MICA faculty member jason.sloan creates exhibition featuring cassette tape hiss and antenna tuner static

Posted 01.03.12 by MICA Communications

Faculty member jason.sloan, C-90 Type II, cassette tape, 45 minutes of equalized tape hiss per side, edition of nine cassettes.

BALTIMORE--MICA will present SIGNALto.NOISE, an exhibition featuring sonic stimulation created by jason.sloan, the coordinator for the Sound Art Concentration as well as a faculty member in the Interaction Design & Art Department at the College. The exhibition will take place from Friday, Jan. 27 through Sunday, March 11 in Bunting Center's Pinkard Gallery (1401 W. Mount Royal Ave.). A reception will be held on Friday, Jan. 27, 5-7 p.m.

Recently, jason.sloan has been examining the general understanding of noise, what he describes as something most people consider to be a disturbance to an otherwise desired experience. "Static during a weak radio or television transmission, or a child crying during a church sermon could be seen as anomalies that ‘ruin' the expected outcome of an otherwise desired event," jason.sloan said. The artist pointed out how Dolby Laboratories once developed a noise reduction system that was built into most stereo components to diminish cassette tape "hiss," an artifact of the recording process similar to white noise. Similarly, wet cleaning vinyl records became a popular method for audiophiles to reduce the crackle and pops from record playback. More recently, digital or Internet radio has all but eliminated weak signal noise or static common with old antenna tuners.

The works in the SIGNALto.NOISE series recycle a particular medium's inherent, undesirable sonic traits-including cassette tape hiss, radio static, digital music compression and more-and present them for consideration as the final work of art.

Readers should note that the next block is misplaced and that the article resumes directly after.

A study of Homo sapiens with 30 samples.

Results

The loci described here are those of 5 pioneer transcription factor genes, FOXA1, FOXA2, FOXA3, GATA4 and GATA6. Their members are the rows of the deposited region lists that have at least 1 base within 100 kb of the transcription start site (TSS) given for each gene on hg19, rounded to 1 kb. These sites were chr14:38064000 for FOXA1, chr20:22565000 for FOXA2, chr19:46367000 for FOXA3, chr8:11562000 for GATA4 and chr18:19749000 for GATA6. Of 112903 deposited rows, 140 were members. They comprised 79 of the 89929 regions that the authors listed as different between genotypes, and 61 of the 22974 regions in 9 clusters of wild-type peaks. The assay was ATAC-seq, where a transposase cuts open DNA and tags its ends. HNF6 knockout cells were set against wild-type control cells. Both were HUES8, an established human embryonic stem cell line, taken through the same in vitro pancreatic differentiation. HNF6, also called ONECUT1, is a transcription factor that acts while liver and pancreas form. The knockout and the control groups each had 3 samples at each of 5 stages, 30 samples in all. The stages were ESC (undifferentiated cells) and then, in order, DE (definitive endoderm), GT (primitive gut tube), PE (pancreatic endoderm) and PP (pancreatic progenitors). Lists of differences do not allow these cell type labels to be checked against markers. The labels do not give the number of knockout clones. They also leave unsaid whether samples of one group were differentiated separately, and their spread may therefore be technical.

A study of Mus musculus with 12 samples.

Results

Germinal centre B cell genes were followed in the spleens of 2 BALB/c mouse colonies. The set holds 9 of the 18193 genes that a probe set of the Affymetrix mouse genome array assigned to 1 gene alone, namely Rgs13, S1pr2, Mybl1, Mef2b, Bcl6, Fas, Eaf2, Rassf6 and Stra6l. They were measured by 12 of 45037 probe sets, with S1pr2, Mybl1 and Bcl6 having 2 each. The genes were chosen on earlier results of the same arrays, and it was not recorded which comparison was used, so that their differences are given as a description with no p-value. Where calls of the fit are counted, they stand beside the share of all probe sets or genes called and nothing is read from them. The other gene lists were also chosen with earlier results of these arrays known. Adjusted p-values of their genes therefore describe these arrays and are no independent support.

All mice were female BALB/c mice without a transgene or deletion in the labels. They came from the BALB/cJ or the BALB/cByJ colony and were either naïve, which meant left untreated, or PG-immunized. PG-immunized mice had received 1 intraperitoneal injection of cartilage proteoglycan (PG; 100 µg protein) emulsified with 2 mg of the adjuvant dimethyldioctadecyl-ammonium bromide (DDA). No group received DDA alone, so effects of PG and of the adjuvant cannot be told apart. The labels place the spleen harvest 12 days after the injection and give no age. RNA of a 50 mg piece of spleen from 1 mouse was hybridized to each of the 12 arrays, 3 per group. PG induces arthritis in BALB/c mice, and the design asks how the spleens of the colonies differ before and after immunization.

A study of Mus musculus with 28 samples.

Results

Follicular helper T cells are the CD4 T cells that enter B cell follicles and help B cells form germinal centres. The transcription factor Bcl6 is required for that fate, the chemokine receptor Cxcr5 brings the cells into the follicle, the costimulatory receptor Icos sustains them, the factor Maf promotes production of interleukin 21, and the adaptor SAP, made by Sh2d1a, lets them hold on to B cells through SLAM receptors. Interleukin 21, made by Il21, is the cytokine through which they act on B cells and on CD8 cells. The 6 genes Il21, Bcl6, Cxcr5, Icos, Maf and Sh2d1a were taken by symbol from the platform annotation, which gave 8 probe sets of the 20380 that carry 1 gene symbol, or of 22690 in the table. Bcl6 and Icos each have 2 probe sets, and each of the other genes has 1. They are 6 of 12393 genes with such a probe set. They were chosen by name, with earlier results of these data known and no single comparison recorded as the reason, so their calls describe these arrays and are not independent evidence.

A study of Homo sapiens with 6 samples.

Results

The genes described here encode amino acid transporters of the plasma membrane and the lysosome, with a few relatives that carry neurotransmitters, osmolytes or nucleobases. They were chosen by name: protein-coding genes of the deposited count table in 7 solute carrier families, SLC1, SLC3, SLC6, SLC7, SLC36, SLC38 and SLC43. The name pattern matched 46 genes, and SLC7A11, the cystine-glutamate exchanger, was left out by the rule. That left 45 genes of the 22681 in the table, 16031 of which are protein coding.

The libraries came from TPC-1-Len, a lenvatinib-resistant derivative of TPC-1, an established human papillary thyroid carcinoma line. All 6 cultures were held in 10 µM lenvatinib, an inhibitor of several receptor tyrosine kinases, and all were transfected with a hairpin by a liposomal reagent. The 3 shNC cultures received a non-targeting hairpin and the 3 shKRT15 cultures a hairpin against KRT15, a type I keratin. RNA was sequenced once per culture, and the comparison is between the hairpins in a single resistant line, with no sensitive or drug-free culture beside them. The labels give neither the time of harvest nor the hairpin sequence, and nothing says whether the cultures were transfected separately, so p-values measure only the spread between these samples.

Through performances, installations, audio environments, videos and sound recordings, jason.sloan examines the need for transcendence beyond the body through a vehicle of visual ritual and sonic stimulation. His work explores aspects of immateriality and its connection to life, memory, systems and the virtual world.

Hours for MICA's galleries, which are free and open to the public, are Mondays-Saturdays, 10 a.m.-5 p.m., and Sundays, noon-5 p.m. They are closed on major holidays.

Image caption: Faculty member jason.sloan, C-90 Type II, cassette tape, 45 minutes of equalized tape hiss per side, edition of nine cassettes.

Founded in 1826, Maryland Institute College of Art (MICA) is the oldest continuously degree-granting college of art and design in the nation. The College enrolls nearly 3,500 undergraduate, graduate and continuing studies students from 49 states and 52 countries in fine arts, design, electronic media, art education, liberal arts, and professional studies degree and non-credit programs. With art and design programs ranked in the top ten by U.S. News and World Report, MICA is pioneering interdisciplinary approaches to innovation, research, and community and social engagement. Alumni and programming reach around the globe, even as MICA remains a cultural cornerstone in the Baltimore/Washington region, hosting hundreds of exhibitions and events annually by students, faculty and other established artists.